A Cybersecurity Ventures report indicates ransomware costs will exceed $5 billion in 2017, up from $325 million in 2015–what can be done from preventing these attacks from happening?
Late last month, another ransomware attack slammed Ukraine and Russia–the second major one since the NotPetya attack in June–igniting speculation that the severity of these attacks are only going to get worse from here on out.
By definition, a ransomware attack infects computers and limits one’s access to files, “often threatening permanent data destruction unless a ransomware is paid,” Cybersecurity Ventures 2017 Ransomware Damage Report states, highlighting that these kinds of attacks have been catastrophic, particularly in 2017 alone.
According to the report, global ransomware damage costs is projected to reach $5 billion in 2017, up from $325 million in 2015 and representing an increase of roughly 1439 percent in just two years.
The report continues, indicating those costs include: damage and destruction–or loss–of data, downtime, loss productivity, post-attack disruption to the normal course of business, forensic investigation, restoration and deletion of hostage data and systems, reputational harm, and employee training to respond to the attacks.
As it stands, the WannaCry attack from May is still the biggest one to hit this year, although ransomware attacks are still trending in an upward position–particularly following NotPetya in June and Bad Rabbit in October.
“The WannaCry ransomware attack is the largest we’ve ever seen of its kind, demonstrating in real time that ransomware continues to escalate as a global problem and a lucrative business for cyber criminals,” Mike Fey, President and COO of Symantec said in the report. Fey continued, stating there was a 36 percent increase in ransomware attacks since 2016 alone.
Alex Heid, chief research officer at SecurityScorecard said that the rise of ransomware attacks can be attributed to the victims paying the conversion rate–which is fairly high, he says– to retrieve the stolen information, and “makes it worthwhile for the attacker, especially when [the attacker] hits a company.”
“Most companies would rather just pay a few thousand dollars and get back the business and risk the loss of revenue from the time it would take to actually fix the problem,” Heid said.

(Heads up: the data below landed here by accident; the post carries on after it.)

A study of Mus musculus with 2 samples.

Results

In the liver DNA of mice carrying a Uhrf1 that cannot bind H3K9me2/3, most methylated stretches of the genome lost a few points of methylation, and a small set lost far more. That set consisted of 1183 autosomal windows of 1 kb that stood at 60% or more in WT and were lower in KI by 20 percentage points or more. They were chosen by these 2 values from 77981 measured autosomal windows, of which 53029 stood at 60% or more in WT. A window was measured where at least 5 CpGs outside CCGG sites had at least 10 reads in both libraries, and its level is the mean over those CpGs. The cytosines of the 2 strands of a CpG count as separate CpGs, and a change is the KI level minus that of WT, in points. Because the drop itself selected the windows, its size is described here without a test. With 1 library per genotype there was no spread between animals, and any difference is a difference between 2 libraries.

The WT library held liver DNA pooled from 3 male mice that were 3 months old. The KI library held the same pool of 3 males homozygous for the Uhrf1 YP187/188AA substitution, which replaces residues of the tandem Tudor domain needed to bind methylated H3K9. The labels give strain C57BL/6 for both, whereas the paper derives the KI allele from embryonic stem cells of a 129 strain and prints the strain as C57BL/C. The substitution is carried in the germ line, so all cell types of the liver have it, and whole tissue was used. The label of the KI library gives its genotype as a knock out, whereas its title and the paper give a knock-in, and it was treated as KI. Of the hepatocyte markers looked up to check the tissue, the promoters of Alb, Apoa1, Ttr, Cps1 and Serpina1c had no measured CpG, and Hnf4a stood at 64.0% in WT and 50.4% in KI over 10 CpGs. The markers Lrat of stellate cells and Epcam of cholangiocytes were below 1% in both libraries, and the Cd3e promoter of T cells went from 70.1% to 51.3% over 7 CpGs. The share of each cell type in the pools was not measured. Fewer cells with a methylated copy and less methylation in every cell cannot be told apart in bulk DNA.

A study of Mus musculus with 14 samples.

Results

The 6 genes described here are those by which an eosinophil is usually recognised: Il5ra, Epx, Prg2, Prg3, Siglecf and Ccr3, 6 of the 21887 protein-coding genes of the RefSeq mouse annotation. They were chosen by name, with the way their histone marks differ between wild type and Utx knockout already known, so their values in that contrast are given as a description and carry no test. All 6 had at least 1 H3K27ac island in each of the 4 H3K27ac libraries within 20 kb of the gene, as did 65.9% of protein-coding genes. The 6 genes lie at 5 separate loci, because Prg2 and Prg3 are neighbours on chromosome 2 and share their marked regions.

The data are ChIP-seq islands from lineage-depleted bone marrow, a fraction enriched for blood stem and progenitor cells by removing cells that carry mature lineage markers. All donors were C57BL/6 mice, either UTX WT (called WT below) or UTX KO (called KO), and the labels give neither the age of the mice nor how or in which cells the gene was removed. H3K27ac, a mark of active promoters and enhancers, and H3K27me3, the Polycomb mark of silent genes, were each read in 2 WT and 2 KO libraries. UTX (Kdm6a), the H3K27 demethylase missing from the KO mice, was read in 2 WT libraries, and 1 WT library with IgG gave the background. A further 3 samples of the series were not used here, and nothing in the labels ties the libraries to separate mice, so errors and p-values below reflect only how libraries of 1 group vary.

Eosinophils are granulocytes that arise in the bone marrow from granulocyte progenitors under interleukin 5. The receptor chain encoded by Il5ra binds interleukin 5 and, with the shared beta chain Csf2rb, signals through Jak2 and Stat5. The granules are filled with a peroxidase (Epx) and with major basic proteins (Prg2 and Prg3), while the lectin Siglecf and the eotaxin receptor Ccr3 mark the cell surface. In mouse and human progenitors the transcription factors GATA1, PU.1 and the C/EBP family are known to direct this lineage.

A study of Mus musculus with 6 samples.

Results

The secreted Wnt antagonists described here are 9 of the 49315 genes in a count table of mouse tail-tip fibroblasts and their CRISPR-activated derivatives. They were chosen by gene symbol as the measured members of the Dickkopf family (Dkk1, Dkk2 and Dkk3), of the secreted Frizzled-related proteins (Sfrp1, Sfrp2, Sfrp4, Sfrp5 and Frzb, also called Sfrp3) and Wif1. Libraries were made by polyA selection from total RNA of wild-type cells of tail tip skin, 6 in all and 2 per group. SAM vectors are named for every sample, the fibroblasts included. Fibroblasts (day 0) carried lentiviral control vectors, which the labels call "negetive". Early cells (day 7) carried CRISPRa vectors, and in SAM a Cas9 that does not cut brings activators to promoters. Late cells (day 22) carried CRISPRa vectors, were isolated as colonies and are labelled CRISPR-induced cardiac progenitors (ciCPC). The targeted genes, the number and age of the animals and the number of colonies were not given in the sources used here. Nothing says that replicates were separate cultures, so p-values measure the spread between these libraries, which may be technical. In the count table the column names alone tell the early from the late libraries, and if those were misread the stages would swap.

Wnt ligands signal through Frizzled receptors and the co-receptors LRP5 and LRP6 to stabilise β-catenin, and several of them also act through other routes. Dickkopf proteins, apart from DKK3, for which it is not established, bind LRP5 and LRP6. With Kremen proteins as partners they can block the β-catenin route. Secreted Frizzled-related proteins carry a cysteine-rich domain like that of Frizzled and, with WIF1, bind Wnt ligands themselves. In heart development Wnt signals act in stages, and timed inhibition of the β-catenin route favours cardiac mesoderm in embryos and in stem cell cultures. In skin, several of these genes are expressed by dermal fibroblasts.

When it comes to retrieving stolen information, bitcoin–and other cryptocurrencies–has become a popular method for hackers to demand in exchange of the information. When asked about if someone doesn’t have bitcoin or a cryptocurrency to pay in order to get their information back to them, Heid said hackers will often provide instructions on how to get bitcoin, and provide a list of bitcoin exchanges.
“Some of them are legitimate exchangers, some of them are underground bitcoin exchangers that are on in the whole operation, so they’ll sell the bitcoin at a significant markup,” he said.
Heid added that often what will happen is the person attempting to retrieve the stolen information will become “quite familiar” with either bitcoin or cryptocurrencies by the end of the process, or “hire someone who’s good at computers.”
That being said, Steve Morgan, founder and editor-in-chief of Cybersecurity Ventures cautions ransomware victims from paying the fee to retrieve information.
“Cybersecurity industry experts and law enforcement officials have been advising organizations not to pay ransoms,” Morgan said in the Ransomware Damage report. “While the percentage of ransom victims who pay bitcoin to hackers in hopes of reclaiming their data appears to be on the decline, the total damage costs in connection to ransomware attacks is skyrocketing. We believe ransom payouts are the least of all damage cost contributors.”
In an interview with the Investing News Network (INN), Tal Vegvizer, director research and development at BUFFERZONE, said one way to prepare for ransomware attacks in the future is to be less exposed to external resources.
“[Ransomware] can come from a downloaded file, like PDF [and] it can come from a malicious website,” he said. “Everything is exposed to external resources, so the way to prevent and lower the risk is to add a level of security that will guard you.”
Some of those preventative measures, according to Itay Glick, CEO of Votiro, include not using default passwords and setting up two-factor authentication, which requires not only a password and username something that only the user has on them, such as a cell phone, or a piece of information only they should know.
Of course, there’s more to taking preventative measures than just that: according to the Ransomware Damage report, training employees on how to recognize and defend cyberattacks is key, and ensuring there’s a strong cybersecurity culture within a company.
“Periodic updates and enhancements to existing cyber hygiene practices can drive more awareness resulting in a more educated work force dedicated to healthy cyber practices,” Rich Baich, chief information officer at Wells Fargo said in the report.
Blockchain and cryptocurrencies, too, will play integral roles in ransomware’s future, Heid said. As mentioned, while hackers will ask for a cryptocurrency to to retrieve stolen information, Heid said blockchain can assist people looking for the hackers “if it was used wrong” due to its decentralized nature.
“It can be quite helpful if the [hacker] didn’t use it right,” Heid said.
All told, it’s certainly a team effort when it comes to businesses protecting against ransomware attacks–to that end, here’s a list of 10 top cybersecurity companies making it easier to prevent cyberattacks from happening.